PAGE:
Most times Australia have not needed to. Take care of your own game, Australia have believed, and that will be more than enough to take care of Pakistan. But still, there is that itch, inaccessible, inside and at the back for their heads.
They know, or at least they can sense without quite putting a finger on it, what Pakistan can do, even to them.
Five years ago, when Pakistan last toured Australia, Ricky Ponting was talking up this itch, of the “mystery” around the visitors, acknowledging their outstanding talent and recognising their scale: one day brilliant, one day ordinary.
On Tuesday, Shane Watson was saying almost exactly the same things. Capable of “incredible cricket”, capable of “self-destruction”, a collection of “match winners” have done both, in collapsing to West Indies and soaring against South Africa.
The question on the day ultimately is not so much about how prepared you are, but what mood Pakistan is in, and that can be an unnerving position for any opponent.
Australia will recognise the fever that has gripped this Pakistan side currently. It is a fabled one. Down to a third string attack, having additionally lost Mohammad Irfan now for the tournament, batting like it was 1990, fielding like it was 1890, perversely not picking their best team and yet four wins in a row and right in their faces on Friday.
Just last winter, in the UAE, they swamped Australia with about as inexperienced an attack as they have ever fielded. And they are susceptible to quality fast bowling – Pakistan’s pace attack can be expensive, but they are wicket-takers.
In fact, Sarfraz Ahmed apart, Wahab Riaz, Sohail Khan, Rahat Ali and Irfan have been Pakistan’s most stirring leitmotif here. Misbah-ul-Haq’s approach to batting can keep debating societies the world over afloat, but there is no doubt in the manner in which he has handled his pace options.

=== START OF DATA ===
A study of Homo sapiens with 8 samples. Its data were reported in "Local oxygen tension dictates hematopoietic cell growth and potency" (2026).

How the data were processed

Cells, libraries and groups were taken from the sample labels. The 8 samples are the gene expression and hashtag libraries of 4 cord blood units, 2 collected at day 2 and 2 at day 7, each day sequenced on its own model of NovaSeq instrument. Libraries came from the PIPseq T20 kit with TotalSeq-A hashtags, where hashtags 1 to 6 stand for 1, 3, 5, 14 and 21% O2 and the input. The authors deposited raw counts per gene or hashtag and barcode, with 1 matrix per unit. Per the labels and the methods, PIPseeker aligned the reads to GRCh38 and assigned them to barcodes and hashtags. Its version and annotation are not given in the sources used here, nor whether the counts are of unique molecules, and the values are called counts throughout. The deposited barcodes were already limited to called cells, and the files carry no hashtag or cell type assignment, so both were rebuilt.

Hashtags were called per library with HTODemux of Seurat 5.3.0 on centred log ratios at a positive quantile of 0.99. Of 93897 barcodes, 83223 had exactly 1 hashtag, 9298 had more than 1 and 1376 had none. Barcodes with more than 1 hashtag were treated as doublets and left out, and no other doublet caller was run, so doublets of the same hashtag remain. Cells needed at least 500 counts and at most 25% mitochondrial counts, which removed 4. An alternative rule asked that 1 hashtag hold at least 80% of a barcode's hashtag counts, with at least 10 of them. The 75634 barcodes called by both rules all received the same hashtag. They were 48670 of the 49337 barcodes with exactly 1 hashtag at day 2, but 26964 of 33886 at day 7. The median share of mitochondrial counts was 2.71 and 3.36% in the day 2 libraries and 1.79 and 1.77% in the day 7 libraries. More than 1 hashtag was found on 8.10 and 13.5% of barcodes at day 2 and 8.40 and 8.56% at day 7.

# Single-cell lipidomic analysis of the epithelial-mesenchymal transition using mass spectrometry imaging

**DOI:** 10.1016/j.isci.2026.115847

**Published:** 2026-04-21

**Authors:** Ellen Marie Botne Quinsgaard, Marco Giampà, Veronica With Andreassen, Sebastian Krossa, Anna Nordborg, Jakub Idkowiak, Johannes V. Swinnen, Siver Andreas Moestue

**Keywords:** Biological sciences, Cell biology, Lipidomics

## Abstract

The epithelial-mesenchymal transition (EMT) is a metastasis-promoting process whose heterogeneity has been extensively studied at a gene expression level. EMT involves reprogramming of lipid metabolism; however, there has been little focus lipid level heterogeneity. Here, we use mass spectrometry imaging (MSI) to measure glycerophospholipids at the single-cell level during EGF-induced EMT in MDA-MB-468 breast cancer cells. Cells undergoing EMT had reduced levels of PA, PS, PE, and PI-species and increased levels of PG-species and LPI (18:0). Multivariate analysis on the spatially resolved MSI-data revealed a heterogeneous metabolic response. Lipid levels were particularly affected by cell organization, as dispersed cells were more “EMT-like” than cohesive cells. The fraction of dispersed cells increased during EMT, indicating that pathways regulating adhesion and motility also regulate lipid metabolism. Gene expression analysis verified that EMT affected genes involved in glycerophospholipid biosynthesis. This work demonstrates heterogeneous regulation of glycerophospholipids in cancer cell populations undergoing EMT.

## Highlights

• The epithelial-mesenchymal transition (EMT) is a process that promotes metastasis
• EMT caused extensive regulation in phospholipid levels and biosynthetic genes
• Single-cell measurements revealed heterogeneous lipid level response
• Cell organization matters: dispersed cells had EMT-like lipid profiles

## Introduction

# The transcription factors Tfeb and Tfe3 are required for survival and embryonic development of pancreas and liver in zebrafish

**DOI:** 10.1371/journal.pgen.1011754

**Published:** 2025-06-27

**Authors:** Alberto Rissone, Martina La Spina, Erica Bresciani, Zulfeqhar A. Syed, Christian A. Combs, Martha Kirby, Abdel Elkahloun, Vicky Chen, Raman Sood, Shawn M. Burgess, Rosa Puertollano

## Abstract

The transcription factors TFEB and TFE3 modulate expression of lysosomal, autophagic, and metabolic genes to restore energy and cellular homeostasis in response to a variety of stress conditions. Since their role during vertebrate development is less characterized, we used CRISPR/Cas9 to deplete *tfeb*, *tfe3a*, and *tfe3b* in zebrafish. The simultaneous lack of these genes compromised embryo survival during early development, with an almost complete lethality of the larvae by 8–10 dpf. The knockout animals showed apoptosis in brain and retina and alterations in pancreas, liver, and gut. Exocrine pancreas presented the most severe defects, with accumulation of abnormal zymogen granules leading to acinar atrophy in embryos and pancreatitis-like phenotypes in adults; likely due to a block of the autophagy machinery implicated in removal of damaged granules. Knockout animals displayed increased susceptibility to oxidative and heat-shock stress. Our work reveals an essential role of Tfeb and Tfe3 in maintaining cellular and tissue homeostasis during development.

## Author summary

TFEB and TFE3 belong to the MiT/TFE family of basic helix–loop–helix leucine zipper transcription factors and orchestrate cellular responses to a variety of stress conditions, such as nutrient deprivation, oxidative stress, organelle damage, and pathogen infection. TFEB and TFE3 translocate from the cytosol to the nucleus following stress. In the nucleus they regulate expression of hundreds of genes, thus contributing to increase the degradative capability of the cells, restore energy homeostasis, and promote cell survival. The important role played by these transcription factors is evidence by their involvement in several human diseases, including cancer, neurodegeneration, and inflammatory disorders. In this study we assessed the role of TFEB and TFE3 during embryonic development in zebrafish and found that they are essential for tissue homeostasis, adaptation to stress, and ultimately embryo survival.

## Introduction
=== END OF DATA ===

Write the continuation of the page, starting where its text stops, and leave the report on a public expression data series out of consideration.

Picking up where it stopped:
Freed from an unhealthy reliance on Saeed Ajmal and spin, Misbah has channelled his pacers to attack and attack until there is nothing left. If there is to be any magic on Friday, it will come from here.
Perhaps they will mull over Yasir Shah, who will have at least the confidence of bowling so well against Australia in the Tests last winter.
But Pakistan have been loathe to make selections they deem even slightly risky.
Rationally speaking, of course, Australia should win. They are at home. They are buoyant. With the players they have, they must be considered the better ODI side.
Perhaps as a result of the schedule and one washout, which meant they played and disappeared for long periods, they still feel a little undercooked, as if their campaign has yet to properly begin.
They were awesome in beating England, but only half-awesome in doing likewise to Sri Lanka. Maybe that is just how the tournament is formatted or that Australia were expected to cruise through, but other strong sides, such as New Zealand and India, seem to have had a more substantial tournament so far.
Still, in Mitchell Starc they have the bowler of the tournament, one who has shown that the yorker is not necessarily dead but that it has just not been bowled well enough recently. The other, more celebrated Mitchell – Johnson – has not had a bad tournament but a quiet one. If both come good together, Pakistan stand little chance.
Even if they are repelled, controlling David Warner and Glenn Maxwell, who could yet make this tournament his very own, require controlling. That will not happen easily.
All good sense points to an Australia win, but that itch is not going away just yet.